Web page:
Find information on the history of the Durham Light Infantry (DLI) Regiment.
The story of the DLI begins in 1758, when General John Lambton of County Durham first raised the 68th Regiment of Foot as part of the British Army.
50 years later, the 68th was chosen to become a new light infantry regiment - with better trained and equipped soldiers - and was sent to fight in Wellington's Army in Portugal and Spain. There the Regiment won its first Battle Honours.
Later the Regiment fought in the Crimean War and in New Zealand. During these campaigns, three Durhams were awarded the Victoria Cross - John Byrne, Thomas de Courcy Hamilton and John Murray.
In 1881 The Durham Light Infantry was formed and soon saw action in Egypt and against the Boers in South Africa.
During the First World War - the Great War - 1000s of volunteers from the mines, shipyards, farms, shops, schools, offices and industries of County Durham joined the DLI. By 1918, the Durhams had raised 43 battalions - like the Durham Pals - with 22 seeing active service overseas - on the Western Front, in Italy, Egypt, Salonika and India.
The DLI fought in every major battle of the Great War - at Ypres, Loos, Arras, Messines, Cambrai, on the Somme, in the mud of Passendale and in the final victory of 1918.
Some 13,000 Durhams died on these battlefields, with thousands more wounded, gassed or taken prisoner.
Six Durhams were awarded the Victoria Cross during the Great War - Thomas Kenny, Roland Bradford, Michael Heaviside, Frederick Youens, Arthur Lascelles and Thomas Young.
During the Second World War, nine battalions of the DLI fought with distinction in every major theatre of the War - from Dunkirk in 1940, to North Africa, Malta, Sicily, Italy, Burma and in Europe from D-Day to the final defeat of Nazi Germany in 1945. Casualties during the Second World War were far lower than in the Great War but in several fierce battle at Arras, Mareth, Primosole Bridge and Kohima, the Durhams suffered heavy losses.
In Belgium in May 1940, Richard Annand, 2nd Battalion DLI, became the very first soldier of the Second World War to gain the Victoria Cross.
Whilst in June 1942 in North Africa, Adam Wakenshaw of Newcastle upon Tyne was awarded a posthumous Victoria Cross fighting with the 9th Battalion DLI in North Africa. His Victoria Cross and anti-tank gun are part of the DLI collection.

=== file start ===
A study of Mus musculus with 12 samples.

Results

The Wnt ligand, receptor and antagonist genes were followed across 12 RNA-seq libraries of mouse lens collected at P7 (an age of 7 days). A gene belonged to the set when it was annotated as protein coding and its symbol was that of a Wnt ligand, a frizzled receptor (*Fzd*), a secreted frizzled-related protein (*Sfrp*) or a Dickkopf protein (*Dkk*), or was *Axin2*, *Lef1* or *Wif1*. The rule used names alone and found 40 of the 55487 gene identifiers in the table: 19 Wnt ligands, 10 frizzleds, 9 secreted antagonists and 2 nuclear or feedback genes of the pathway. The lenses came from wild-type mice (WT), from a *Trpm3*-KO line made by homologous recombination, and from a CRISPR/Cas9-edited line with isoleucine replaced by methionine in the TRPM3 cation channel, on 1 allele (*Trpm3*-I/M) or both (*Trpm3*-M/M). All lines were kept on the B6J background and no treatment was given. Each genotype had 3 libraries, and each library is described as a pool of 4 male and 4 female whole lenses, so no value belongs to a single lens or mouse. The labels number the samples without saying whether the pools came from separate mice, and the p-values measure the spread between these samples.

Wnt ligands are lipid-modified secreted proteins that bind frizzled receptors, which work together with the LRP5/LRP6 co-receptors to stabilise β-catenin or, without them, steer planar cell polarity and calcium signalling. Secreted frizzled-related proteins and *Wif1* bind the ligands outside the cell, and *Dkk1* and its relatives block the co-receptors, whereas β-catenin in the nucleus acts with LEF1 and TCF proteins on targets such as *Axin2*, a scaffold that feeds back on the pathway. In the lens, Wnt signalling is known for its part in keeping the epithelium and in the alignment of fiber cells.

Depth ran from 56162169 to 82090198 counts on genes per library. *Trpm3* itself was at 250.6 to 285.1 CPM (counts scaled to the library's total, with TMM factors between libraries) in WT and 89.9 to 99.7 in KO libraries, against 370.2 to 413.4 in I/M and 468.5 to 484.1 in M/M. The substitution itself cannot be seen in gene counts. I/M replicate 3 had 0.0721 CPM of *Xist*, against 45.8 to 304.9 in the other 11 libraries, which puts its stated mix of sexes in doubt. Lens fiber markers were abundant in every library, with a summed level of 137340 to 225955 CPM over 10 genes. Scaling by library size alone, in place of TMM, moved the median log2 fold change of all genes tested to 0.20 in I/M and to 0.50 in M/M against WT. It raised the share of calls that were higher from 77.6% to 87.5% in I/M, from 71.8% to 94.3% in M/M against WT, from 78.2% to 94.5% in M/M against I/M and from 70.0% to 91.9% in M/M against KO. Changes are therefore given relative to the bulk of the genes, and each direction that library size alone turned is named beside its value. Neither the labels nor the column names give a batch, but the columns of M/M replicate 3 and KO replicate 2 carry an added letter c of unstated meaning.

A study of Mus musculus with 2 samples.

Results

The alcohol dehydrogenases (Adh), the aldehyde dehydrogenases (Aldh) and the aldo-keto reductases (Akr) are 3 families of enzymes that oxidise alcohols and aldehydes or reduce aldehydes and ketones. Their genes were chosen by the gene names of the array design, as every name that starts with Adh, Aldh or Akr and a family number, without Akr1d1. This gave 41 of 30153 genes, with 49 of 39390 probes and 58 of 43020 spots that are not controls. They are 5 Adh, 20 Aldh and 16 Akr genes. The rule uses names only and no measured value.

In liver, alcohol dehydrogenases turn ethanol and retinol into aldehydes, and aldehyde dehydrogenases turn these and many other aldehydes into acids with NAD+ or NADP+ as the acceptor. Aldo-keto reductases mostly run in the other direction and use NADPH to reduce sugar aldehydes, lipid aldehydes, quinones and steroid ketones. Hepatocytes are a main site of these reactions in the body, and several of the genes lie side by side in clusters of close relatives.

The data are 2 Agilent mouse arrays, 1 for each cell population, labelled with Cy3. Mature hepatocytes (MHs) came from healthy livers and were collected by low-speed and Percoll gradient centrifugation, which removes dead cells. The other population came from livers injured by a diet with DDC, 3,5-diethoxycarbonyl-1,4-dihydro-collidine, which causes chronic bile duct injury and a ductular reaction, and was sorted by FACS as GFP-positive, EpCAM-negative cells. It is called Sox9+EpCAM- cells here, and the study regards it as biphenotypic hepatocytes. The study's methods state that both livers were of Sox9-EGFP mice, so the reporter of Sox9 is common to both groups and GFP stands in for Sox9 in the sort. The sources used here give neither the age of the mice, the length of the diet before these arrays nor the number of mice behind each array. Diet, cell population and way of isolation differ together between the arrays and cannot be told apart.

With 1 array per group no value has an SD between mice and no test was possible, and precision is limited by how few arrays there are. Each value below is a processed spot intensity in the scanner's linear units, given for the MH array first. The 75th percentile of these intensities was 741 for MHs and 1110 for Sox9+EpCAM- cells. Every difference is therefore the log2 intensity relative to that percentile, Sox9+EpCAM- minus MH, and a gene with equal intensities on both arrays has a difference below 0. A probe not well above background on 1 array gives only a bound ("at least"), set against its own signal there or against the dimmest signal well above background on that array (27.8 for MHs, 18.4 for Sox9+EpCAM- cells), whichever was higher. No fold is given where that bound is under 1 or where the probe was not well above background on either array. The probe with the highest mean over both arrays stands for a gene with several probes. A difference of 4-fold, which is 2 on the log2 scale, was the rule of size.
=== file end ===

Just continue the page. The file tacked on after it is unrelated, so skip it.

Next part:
Meanwhile, whilst the soldiers of The Durham Light Infantry fought their battles overseas, the people of County Durham fought their own war on the Home Front not simply against bombers but against hunger, cold and fear. This war was fought by Air Raid Wardens, Land Girls, Munitions Workers, Bevan Boys, Home Guards, Auxiliary Firemen, plus mothers and children and all the other people who lived and fought on County Durham's Home Front, 1939-45.
After 1945, The Durham Light Infantry was reduced in size until only the 1st Battalion DLI remained.
In 1952-53, 1 DLI fought as part of the United Nations forces in Korea in conditions almost like those of the trenches of the Western Front. Many of these young Durhams were National Servicemen.
The 1st Battalion DLI later served in Cyprus and was based in Berlin in 1961, the time when the Berlin Wall was built. In 1966, the Durhams fought their last campaign and suffered their last casualties in the jungles and mountains of Borneo.
Finally in 1968, whilst the battalion was serving in Cyprus, it was announced that The Durham Light Infantry would join with three other county light infantry regiments to form one large Regiment - The Light Infantry.
In Durham Cathedral on 12 December 1968, the Durhams paraded their Colours (flags) for the last time. After 200 years of history, County Durham's own Regiment was no more.
In 2007 the Rifles Regiment was created by the amalgamation of The Light Infantry, The Royal Green Jackets, The Devonshire and Dorset Light Infantry and The Royal Gloucester, Berkshire and Wiltshire Light Infantry. Today the Rifles is the largest Infantry Regiment in the British Army. All the antecedent Regiments of the Rifles together form the Rifles Heritage Network to ensure that the history of the Rifles is preserved and enjoyed by all.
Find out more about the regiment's history on our Durham Light Infantry historical timeline page.